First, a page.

I have been listening to the Audiobook version of this book “The Steve Jobs Way: iLeadership for a New Generation” for last few weeks during my everyday commutes. The book is written by “Jay Elliot” who was Senior Vice President of Apple computer reporting directly to Steve Jobs, not in the recent decade but during Apple’s early days. Owning a MacBook Air (running Windows 7), iPhone and an iPad like many others I am eager to understand the success of Steve Jobs and his presentation skills are legendary. So when I saw this book in an Audible listing I immediately bought it.
The book covers extensively Steve Jobs early days in Apple building Macintosh but has very little on his days in NeXT or after his return – which is the most exciting period. The book is not a complete biography of either Apple or Steve Jobs or about Jay Elliot, though it attempts to be one when talking about the early days of Apple. The book is about the lessons on management Jay Elliot was able to distil from observing Steve Jobs. It goes into length on how Steve Jobs directly managed the team, selected the members, the interior of the office (large atrium with a tree) and how he never took a “NO” or “Not Possible” as an answer from the engineers or anyone else.
In the first few chapters, Jay Elliot gives a brief about his childhood days in his ranch in California. He writes about how in age 15, he could single-handily fix his old 1932 Ford Model-A car and how Henry Ford and team had the wooden slabs in which the original parts came used to build the structure pieces for the floorboards, seats & the interior, the part numbers were etched in easy to find places and the car required no manuals to take apart or to be put together. When talking about how to design and use your own products, Jay Elliot mentions about how rust happens in almost all cans of Gillette Shaving Cream cans, all along I thought I was the only one who was having this problem. He continues to write on the Importance of the first experience of the user when he/she takes the computer or device out of the box, how quickly they can start using it.
Jay Elliot lists many of the abilities he has observed of Steve Jobs that led to Macintosh success. Steve’s obsession with perfection, no compromise attitude, identifying the most brilliant people and going for them (including going for John Sculley), caring for his people, attention to detail, wanting to have the best for the company and the product he is building. It seems Steve Jobs build a whole new factory and assembly line different from rest of Apple for manufacturing Macintosh. In the Mac early days, Steve motivated his people by calling them “Pirates” and not as Navy!. Steve has a power of vision that’s almost frightening, that power sweeps aside any problem or hurdles. How Steve Jobs accepted technologies that were not built in-house like Canon, Japan for Apple Laser Writer and the Celebrity status reception he got during his first visit to Sony, Japan. How Steve persisted in getting Regis McKenna to do the Advertisements for Apple and how he went ahead even with Apple board’s refusal on the1984 most popular TV commercial of Macintosh by Chiat Day agency. Steve is first a consumer, the most demanding consumer and his Buddhist faith probably have to lead him to have a minimalist approach to the products he design – simple, intuitive user interface and features. Steve believes every user wants to feel successful, feel good about using the product Jay Elliot talks briefly about how Steve Jobs hired John Sculley, got kicked out himself from Apple, how he passionately build NeXT & Pixar. How Steve betted his whole fortune on Pixar and the first Toy Story, which then became a huge hit and paying him and Disney a windfall. The book then talks about (again very briefly) about how Steve Jobs returned to Apple, build successful products like iPod, iPhone & iPad one after the other, how he will not ship something until the technology is ready.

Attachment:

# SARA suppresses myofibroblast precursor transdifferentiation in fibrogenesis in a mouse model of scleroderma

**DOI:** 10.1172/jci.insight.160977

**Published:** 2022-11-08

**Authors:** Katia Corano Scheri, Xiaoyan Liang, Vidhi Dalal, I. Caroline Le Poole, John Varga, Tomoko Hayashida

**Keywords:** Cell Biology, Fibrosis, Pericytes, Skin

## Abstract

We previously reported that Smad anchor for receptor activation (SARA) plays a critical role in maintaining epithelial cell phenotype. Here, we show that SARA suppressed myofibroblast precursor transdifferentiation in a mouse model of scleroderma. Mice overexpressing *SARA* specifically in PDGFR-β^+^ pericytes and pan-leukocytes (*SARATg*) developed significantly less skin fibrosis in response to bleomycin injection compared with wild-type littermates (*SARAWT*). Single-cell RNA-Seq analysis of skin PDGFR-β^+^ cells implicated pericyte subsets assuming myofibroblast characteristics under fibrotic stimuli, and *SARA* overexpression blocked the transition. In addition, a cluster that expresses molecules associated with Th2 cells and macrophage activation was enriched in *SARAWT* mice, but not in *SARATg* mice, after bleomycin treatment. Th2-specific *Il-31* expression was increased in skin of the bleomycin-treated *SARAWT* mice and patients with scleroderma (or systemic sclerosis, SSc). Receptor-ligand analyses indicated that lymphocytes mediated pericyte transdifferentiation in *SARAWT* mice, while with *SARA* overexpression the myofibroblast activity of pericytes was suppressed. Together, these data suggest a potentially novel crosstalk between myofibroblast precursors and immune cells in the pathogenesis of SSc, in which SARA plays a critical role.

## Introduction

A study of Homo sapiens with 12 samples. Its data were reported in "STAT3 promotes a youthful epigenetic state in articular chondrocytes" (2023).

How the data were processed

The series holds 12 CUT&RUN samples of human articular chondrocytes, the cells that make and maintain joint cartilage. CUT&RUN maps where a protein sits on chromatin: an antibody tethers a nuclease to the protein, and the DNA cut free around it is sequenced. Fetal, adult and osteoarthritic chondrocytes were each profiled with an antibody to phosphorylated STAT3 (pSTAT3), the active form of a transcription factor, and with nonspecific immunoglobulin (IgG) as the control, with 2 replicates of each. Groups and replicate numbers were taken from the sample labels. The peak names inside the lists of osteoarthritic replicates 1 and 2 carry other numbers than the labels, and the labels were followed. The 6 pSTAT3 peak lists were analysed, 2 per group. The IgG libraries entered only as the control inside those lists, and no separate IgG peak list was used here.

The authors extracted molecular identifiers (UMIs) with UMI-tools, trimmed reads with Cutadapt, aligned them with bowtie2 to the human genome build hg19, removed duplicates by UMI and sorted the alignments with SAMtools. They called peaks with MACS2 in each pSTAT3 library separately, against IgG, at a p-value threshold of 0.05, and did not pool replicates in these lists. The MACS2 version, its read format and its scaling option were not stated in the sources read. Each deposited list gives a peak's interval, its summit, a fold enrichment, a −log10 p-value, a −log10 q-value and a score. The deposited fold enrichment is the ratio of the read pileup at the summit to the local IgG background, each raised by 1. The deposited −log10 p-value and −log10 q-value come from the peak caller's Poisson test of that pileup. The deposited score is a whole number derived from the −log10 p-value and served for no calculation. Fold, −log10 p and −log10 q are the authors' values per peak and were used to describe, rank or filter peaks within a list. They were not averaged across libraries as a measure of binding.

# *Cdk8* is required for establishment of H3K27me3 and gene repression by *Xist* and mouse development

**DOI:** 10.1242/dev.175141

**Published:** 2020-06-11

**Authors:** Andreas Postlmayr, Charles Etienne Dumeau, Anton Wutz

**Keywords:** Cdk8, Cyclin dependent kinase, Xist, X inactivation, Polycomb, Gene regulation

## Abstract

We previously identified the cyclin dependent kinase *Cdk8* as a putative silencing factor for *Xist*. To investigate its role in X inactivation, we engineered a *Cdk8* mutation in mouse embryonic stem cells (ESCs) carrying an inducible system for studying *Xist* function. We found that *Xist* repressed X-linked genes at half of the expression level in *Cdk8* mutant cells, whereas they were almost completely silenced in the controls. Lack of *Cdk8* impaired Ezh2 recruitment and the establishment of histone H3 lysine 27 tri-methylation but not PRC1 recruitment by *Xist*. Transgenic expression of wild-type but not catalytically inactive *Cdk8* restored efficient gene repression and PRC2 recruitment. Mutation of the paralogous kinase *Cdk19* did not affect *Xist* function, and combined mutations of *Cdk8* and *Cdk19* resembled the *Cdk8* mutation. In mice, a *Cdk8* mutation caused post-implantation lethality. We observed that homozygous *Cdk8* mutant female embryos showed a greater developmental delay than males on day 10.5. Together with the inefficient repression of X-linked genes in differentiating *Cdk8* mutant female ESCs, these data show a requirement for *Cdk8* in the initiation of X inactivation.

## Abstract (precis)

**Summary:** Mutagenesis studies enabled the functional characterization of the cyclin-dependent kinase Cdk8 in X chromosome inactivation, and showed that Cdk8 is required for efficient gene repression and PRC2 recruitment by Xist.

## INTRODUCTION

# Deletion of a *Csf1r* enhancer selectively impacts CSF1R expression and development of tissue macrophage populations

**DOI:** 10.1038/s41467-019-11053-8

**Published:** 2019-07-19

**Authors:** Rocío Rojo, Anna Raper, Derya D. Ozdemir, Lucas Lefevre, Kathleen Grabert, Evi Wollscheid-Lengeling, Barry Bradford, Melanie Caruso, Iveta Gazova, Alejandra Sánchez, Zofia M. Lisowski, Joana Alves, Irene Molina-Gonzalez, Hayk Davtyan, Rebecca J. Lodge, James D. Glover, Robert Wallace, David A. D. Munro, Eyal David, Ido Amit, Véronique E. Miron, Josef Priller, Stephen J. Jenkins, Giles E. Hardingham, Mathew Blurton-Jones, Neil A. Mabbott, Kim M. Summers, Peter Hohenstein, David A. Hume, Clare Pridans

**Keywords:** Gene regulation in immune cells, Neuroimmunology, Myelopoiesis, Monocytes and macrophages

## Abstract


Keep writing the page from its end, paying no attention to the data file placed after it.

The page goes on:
The author goes into length to praise as Steve’s brilliance on getting into retail and opening the Apple Stores in 2001, then on entering into Music Retailing and iPods. The author showers lavish praises on Steve Jobs to an extent of becoming an unashamed fanboy. At the last chapters, the Author talks about his later years’ experience of starting Migo & Nuvel.
If you are interested in how Apple got started and early days then a good book to read will be iWoz by Apple Co-founder Steve Wozniak.